Elgin police chief voices opposition in final task force meeting

  • Ana Lalley

    Ana Lalley

 
 
Updated 8/12/2022 3:32 PM

The final meeting of Elgin's community task force on policing showed opposition by city law enforcement to some of the key aspects of the citizen recommendations, which will now go before the city council.

The task force's meeting this week wrapped up a year's worth of work in reviewing possible changes to city laws, policies and procedures the task force believes will improve the relationship between Elgin police and nonwhite citizens.

 

Bolstering the idea that change is needed was information presented by Police Chief Ana Lalley that offered two statistical looks at traffic stops. They showed Black people are 1.6 to 7.8 times more likely to be stopped by police than white people in recent years.

The two studies used different methodologies. The larger number was based on expected stops per the racial mix of the population and included areas outside Elgin. The lower number is rooted in traffic accidents in an attempt to filter for the racial mix of people actually driving and of driving age.

The lower number is also more specific to Elgin, which both Lalley and the task force took as a move in the right direction.

That said, Lalley spoke in opposition to one of the key task force recommendations that would ban police from stopping drivers if a non-moving violation was the only reason.

Examples of non-moving violations include objects hanging from a rearview mirror, a single broken taillight when the other light is still functioning, and vehicle registration stickers expired within the last 60 days.


Lalley said she understands that recommendation is rooted in concerns about racial bias. But, she said, one of the key crimes the city is trying to crack down on is the illegal use of a firearm. Elgin police have recovered 29 guns from traffic stops, though Lalley didn't say if those were recovered during moving or non-moving violations.

"You would be taking away a tool that officers have used that would be counterproductive to the safety of Elgin," Lalley told the task force.

Last year, more than 73% of traffic stops in the city were for moving violations. But nearly 1,200 stops were for non-moving violations.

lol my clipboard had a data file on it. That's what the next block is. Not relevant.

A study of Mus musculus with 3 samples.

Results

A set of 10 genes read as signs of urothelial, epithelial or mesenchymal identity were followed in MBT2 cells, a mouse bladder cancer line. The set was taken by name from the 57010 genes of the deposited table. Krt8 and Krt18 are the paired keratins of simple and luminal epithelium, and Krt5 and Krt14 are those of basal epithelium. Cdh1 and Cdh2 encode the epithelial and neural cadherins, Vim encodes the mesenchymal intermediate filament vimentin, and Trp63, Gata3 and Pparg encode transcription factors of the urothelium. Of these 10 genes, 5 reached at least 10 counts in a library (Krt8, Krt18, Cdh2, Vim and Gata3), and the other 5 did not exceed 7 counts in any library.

Lalley's other major point of opposition regarded the power and composition of the civilian review board the task force wants to create to provide transparency into police officer discipline.

                                                                                                                                                                                                                       
 

More than half the task force's recommendations involve the processes and powers of the pending civilian board. The recommendations call for the city council to appoint the civilian board members. It would also ask the city council to bargain with the police union to give the review board the final say over police discipline.

Lalley took issue with both of those proposals.

She told the task force she will push for police input on who gets appointed to the civilian review board, and she wants to be among the people deciding. She also wants a police union representative to have some say.

"The concern would be that the members of the board are there for some type of retribution (against police)," Lalley explained. "The goal, I think, of having the review board is accountability, transparency and having a community voice."

Beyond that, Lalley said police discipline is too nuanced and filled with too much potential for lawsuits to turn the final say over police discipline to the review board. She said she wants to continue having the ultimate authority on discipline as the police chief.

While some of the non-Black members of the task force said they supported leaving the police chief with the final say, others, including the Rev. Walter Blalark, worried about creating a review board that would be just for show and lack any authority to create change.

"The police should be protecting everybody," Blalark said. "Not just white people but people of all color. We don't see that. And we don't believe the police can police each other. This civilian review board is very important. I think our citizens can do this, and they can do it fairly. We need a strong civilian review board."

The task force will present its recommendations to the city council in September.